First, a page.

Twitter Plot Summary: The spoof disaster movie story of the first nuclear powered bus as it travels from New York to Denver.
Five Point Summary:
1. Doctor in the parking lot.
2. Broken carton of milk.
3. He may have eaten a foot. Once.
4. Bomb threat!
5. Hanging on a ledge.
Coming from similar stock to the ludicrously funny Airplane style movie, The Big Bus lampoons that stalwart favourite of 1970s cinema – the disaster movie. This time it’s not a big building on fire, an airplane crash or even a giant cruise ship being overturned by a freak wave. No, this is all about… wait for it… a double decker nuclear powered bus. This isn’t just any run of the mill bus though, featuring a ten pin bowling lane, a built-in bus-wash, and an indoor swimming pool – the height of 70s beige opulence.
Driving the nuclear bus are outsiders Dan Torrance (Bologna), who is reviled by his fellow bus drivers for supposedly eating 110 passengers following an ill-fated bus crash on Mount Diablo, and a moustachioed co-driver by the name of Shoulders (Beck). The project is led by Stockard Channing’s Kitty Baxter after a terrorist bomb takes her father out of commission. As tradition dictates, Kitty and Torrance were once a couple just to add an element of frisson to the journey. And it wouldn’t be a disaster movie if there wasn’t some epic threat to everyone’s lives. Thus, a bomb is planted on the bus and it’s a race against time, so to speak, to stopping the slightly nefarious plans and make it to Denver in one piece.
The secondary cast features a number of what would later become famous faces, of you know who to look for of course – Larry Hagman appears as a strict yet slightly incompetent doctor, whilst Rene Auberjonois (later to appear as Odo in Star Trek DS9) shows up as a young priest questioning his beliefs and asking “Where is your God now, old woman?”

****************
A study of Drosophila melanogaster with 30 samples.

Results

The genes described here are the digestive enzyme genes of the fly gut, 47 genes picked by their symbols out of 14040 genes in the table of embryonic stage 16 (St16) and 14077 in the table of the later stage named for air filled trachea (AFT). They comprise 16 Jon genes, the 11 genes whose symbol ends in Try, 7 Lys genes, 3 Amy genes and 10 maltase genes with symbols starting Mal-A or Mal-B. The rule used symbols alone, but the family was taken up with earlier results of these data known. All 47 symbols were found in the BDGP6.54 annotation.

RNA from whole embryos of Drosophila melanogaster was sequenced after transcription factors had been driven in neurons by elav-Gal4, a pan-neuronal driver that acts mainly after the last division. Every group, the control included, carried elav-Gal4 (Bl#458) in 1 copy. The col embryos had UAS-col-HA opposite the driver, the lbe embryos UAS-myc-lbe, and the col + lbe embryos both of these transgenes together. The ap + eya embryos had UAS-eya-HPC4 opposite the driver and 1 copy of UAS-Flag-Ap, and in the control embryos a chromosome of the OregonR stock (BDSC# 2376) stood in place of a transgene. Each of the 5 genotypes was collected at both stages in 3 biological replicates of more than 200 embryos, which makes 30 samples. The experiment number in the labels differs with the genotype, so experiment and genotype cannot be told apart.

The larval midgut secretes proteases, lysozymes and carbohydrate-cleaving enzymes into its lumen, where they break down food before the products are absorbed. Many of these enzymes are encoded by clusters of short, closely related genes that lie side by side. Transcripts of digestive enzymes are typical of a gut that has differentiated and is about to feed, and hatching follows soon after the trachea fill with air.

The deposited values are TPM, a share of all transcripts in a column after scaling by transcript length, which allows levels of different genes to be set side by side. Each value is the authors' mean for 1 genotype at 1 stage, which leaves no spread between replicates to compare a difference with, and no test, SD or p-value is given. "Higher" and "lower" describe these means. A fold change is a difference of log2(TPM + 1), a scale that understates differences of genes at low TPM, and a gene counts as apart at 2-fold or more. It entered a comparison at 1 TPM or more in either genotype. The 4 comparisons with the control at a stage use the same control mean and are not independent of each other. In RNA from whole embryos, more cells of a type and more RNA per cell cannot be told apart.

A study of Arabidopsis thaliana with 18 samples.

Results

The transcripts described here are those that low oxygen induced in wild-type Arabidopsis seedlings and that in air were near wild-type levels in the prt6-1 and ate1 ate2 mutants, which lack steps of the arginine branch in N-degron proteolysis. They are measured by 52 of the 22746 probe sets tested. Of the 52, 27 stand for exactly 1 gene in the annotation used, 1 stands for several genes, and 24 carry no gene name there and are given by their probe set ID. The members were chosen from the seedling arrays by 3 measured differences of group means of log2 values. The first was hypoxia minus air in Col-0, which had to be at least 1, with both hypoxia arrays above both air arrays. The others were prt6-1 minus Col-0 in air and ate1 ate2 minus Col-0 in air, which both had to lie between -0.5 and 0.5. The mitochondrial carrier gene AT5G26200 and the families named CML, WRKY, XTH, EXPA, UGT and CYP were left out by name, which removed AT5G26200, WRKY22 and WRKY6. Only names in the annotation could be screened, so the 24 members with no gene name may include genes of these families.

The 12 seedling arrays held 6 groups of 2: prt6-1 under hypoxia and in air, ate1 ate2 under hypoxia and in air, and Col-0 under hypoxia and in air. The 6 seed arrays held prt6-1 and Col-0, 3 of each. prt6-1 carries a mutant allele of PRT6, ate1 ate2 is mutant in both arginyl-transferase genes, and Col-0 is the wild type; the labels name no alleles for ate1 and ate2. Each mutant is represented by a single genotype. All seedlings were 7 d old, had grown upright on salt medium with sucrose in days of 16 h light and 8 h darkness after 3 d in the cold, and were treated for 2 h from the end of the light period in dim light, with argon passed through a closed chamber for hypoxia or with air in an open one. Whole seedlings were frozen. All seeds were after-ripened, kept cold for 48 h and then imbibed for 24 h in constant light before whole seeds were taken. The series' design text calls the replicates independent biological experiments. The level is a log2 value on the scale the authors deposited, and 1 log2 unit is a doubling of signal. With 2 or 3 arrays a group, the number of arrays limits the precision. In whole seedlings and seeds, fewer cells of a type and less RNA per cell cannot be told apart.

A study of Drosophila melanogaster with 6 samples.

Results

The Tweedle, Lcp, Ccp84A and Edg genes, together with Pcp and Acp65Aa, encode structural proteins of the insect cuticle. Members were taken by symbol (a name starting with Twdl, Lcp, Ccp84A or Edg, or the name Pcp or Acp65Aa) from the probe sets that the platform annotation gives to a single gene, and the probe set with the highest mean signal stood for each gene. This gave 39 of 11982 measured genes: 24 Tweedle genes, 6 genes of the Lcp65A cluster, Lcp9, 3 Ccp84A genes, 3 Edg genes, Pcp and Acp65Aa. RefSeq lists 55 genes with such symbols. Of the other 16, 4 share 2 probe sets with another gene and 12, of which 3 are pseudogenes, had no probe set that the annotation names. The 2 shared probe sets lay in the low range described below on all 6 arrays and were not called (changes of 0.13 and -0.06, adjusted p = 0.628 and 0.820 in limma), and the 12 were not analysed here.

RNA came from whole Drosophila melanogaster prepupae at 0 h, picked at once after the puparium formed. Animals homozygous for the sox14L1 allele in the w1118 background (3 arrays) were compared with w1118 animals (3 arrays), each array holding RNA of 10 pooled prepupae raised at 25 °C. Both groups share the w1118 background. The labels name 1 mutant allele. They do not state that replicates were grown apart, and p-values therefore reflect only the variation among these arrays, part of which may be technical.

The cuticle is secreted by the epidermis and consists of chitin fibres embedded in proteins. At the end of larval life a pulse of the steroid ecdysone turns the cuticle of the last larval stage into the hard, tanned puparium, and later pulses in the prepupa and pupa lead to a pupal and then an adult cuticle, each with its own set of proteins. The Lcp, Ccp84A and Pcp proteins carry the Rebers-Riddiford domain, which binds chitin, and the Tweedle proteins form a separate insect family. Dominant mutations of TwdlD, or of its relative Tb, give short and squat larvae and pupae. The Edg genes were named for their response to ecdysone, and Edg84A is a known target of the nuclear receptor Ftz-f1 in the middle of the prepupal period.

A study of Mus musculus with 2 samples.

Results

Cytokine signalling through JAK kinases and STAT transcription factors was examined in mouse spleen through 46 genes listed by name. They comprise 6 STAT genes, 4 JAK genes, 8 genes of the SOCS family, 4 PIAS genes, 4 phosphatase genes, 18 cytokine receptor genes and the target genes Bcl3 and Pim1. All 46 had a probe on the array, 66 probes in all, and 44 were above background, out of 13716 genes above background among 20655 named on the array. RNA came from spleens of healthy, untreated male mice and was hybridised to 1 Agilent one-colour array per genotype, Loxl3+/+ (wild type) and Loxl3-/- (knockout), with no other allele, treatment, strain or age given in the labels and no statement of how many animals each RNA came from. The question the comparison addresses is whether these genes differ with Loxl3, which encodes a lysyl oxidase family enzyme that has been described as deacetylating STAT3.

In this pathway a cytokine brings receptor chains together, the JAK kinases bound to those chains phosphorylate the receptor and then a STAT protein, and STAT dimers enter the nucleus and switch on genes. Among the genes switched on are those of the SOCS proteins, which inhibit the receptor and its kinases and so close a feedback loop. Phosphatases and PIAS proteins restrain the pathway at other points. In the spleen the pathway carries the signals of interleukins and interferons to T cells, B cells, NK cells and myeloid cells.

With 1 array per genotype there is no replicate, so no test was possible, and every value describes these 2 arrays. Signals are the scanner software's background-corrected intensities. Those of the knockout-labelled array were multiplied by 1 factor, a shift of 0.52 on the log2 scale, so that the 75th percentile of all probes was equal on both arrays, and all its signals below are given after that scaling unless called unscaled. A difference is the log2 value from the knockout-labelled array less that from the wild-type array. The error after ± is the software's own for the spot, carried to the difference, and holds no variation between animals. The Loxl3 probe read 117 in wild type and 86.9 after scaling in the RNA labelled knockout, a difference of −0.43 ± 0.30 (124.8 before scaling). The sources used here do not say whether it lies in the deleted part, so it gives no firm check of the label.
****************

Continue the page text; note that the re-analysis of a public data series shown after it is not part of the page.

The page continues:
The humour may not be as refined as the later Airplane or Naked Gun films, but that doesn’t stop it from remaining incredibly funny. Silly little jokes like two men in radiation suits bumping into everything as they plod forwards, or an evil villian (Ferrer) spending the entire movie plotting the destruction of the bus from the comfort of his iron lung, or even an overly amorous couple whose divorce is due to go through at midnight throwing themselves at each other at every opportunity.
In this line of humour the best approach is to play it completely straight, and that’s precisely what they do. Maintaining a stern appearance in the face of inherent silliness, the cast push it through but lack the chops to elevate it into anything more than a relatively unknown cult favourite. Airplane clearly stole the format and improved it by making it a hundred times funnier, and if you look close enough (or not actually – it’s quite blatant) there are elements of Speed to the story. It’s more hit and miss than it should be and the final act slows everything down far too much, but The Big Bus does at least get the tone of the 70s disaster movie spot on, and manages to have some fun with the notion of a bus running on nuclear power. But then, is there anything else you can do with that notion other than have fun with it?